Missouri voters will decide Tuesday if the state and its law makers will be prohibited from placing new sales taxes on services.
For the past seven sessions, the state legislature has considered, but not passed, taxes on a wide range of services.
Backers of Amendment 4, which would forbid such levies, say at risk services include health care, real estate, haircuts, auto repairs, accounting and many others. Scott Charton of Missourians for Fair Taxation says the state Revenue Department recently acted, without supervision, to impose sales taxes on deliveries. “Right now, Missourians are paying more for things like pizza deliveries, flower deliveries” said Charton. “The Missouri Propane Association has told its members that certain propane deliveries are now going to be taxable with winter coming on. That is an overreach by a bureaucracy.”
Charton claims Amendment 4 would prevent further levies on services. “It is a preemptive strike. But, ya know, when your house is on fire, you don’t wait until then to get a fire extinguisher. You take proactive steps.”
This year, the Missouri legislature passed a measure to do away with taxes on dance and yoga classes after they were imposed by the Revenue department several years ago. After lawmakers overrode Governor Nixon’s veto of it, the measure became law.
Even though some taxes on services appear to have already been imposed, opponents of Amendment 4 say there are no plans for any more in the near future. Traci Gleason with the Missouri Budget Project, which opposes the amendment, says any new levy on services would have to go before voters. She points to the Hancock Amendment, that lawmakers passed in 1980, as a guarantee for the procedure.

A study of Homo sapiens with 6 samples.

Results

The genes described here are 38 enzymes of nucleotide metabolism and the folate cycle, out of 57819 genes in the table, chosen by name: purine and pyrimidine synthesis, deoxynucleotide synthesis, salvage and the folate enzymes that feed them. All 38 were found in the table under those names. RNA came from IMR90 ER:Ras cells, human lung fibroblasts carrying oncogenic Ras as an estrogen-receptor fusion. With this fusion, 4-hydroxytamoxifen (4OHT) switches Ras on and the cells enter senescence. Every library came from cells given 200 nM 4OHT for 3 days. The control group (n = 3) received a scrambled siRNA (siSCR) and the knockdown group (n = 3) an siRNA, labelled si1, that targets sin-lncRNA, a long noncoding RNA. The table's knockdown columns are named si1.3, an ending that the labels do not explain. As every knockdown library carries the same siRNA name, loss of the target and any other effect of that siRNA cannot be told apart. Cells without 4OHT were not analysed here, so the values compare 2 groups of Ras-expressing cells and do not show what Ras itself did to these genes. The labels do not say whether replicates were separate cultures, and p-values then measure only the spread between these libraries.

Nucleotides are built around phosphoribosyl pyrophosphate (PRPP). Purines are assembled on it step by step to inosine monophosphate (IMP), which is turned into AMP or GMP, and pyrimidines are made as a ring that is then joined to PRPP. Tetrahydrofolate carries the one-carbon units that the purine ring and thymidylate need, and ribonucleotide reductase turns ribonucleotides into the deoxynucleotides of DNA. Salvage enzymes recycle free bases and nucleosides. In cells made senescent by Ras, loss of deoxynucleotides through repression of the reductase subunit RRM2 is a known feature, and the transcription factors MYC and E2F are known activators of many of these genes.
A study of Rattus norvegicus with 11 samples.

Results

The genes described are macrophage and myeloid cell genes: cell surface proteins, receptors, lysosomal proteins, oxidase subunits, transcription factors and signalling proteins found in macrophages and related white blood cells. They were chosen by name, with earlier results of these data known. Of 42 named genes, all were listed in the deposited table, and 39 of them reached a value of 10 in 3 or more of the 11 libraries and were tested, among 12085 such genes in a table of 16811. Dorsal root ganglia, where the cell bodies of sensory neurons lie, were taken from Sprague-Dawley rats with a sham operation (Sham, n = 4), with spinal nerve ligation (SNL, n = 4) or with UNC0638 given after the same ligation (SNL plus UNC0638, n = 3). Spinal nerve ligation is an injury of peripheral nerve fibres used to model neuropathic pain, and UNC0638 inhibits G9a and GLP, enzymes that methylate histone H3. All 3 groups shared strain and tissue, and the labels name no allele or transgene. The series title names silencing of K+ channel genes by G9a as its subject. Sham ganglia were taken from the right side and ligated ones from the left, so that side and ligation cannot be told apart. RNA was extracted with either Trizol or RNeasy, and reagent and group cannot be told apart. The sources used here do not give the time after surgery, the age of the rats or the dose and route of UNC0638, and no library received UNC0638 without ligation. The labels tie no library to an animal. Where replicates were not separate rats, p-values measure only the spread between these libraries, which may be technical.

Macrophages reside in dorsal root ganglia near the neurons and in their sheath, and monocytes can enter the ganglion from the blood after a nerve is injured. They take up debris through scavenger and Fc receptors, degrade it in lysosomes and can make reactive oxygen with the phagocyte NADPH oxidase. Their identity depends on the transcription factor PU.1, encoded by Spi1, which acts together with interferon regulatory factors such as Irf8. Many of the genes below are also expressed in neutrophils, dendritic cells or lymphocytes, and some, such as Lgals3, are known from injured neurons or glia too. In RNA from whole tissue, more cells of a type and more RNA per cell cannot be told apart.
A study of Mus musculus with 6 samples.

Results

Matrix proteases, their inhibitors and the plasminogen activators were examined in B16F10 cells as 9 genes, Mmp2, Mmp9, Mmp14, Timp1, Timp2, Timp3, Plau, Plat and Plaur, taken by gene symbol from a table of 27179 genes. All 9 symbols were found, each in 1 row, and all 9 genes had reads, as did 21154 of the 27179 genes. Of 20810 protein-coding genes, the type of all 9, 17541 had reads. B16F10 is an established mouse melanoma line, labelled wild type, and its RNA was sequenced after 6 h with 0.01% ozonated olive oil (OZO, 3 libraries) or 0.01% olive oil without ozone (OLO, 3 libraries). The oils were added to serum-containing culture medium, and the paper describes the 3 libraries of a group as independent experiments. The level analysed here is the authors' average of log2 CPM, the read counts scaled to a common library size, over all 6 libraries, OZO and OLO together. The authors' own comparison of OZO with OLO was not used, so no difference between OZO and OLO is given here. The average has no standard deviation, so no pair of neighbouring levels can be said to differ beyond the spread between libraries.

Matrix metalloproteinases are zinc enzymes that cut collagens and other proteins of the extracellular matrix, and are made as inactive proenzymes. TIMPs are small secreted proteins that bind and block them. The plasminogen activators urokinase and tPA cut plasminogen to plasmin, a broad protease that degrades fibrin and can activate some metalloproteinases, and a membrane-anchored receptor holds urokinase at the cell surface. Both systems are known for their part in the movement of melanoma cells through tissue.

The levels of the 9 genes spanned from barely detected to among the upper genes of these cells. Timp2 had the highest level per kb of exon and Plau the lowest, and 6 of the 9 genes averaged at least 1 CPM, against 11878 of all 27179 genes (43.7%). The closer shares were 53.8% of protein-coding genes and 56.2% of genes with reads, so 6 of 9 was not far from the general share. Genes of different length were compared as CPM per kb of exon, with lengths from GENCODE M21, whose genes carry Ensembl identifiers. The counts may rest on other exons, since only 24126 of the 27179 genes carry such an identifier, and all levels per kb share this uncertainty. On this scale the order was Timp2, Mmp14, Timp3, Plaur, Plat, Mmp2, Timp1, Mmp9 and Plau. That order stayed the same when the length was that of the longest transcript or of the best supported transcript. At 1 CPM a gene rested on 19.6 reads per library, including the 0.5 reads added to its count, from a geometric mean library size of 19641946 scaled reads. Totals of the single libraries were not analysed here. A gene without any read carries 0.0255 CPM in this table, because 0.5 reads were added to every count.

Gleason says prohibiting taxes on services outright would restrict the state’s ability to adjust to a changing economy over the next decade. “We used to purchase all of our music in a music store” said Gleason. “We got a hard copy. Now, people rarely purchase records or CD’s anymore because we are getting downloads. We don’t know what other types of changes are coming. We need to make sure that we are flexible.”
One of the arguments the Budget Project makes is that Amendment 4 would make it” impossible for a sales tax to be added to online transactions or music downloads, which have replaced in-store purchases that could formerly be taxed”.
Gleason says it’s important not to rush the service sales tax into law. “Rather than tie our hands now, I think we should allow our state to continue to be flexible. And if people are feeling like ‘Oh, this is too much of a bite’, look at our whole tax system rather than reacting to a service tax proposal that doesn’t actually exist.”
Along with the Missouri Budget Project, Amendment 4 is opposed by the Missouri Municipal League which represents over 600 cities and towns across the state.
The amendment’s supporters are numerous, including businesses that provide services thought to be susceptible to a service sales tax. They include The Missouri Automobile Dealers Association, NFIB (National Federation of Independent Business), Missouri Society of Certified Public Accountants, Missouri Cattleman’s Association, Missouri Soybean Association and the Missouri Association of Realtors.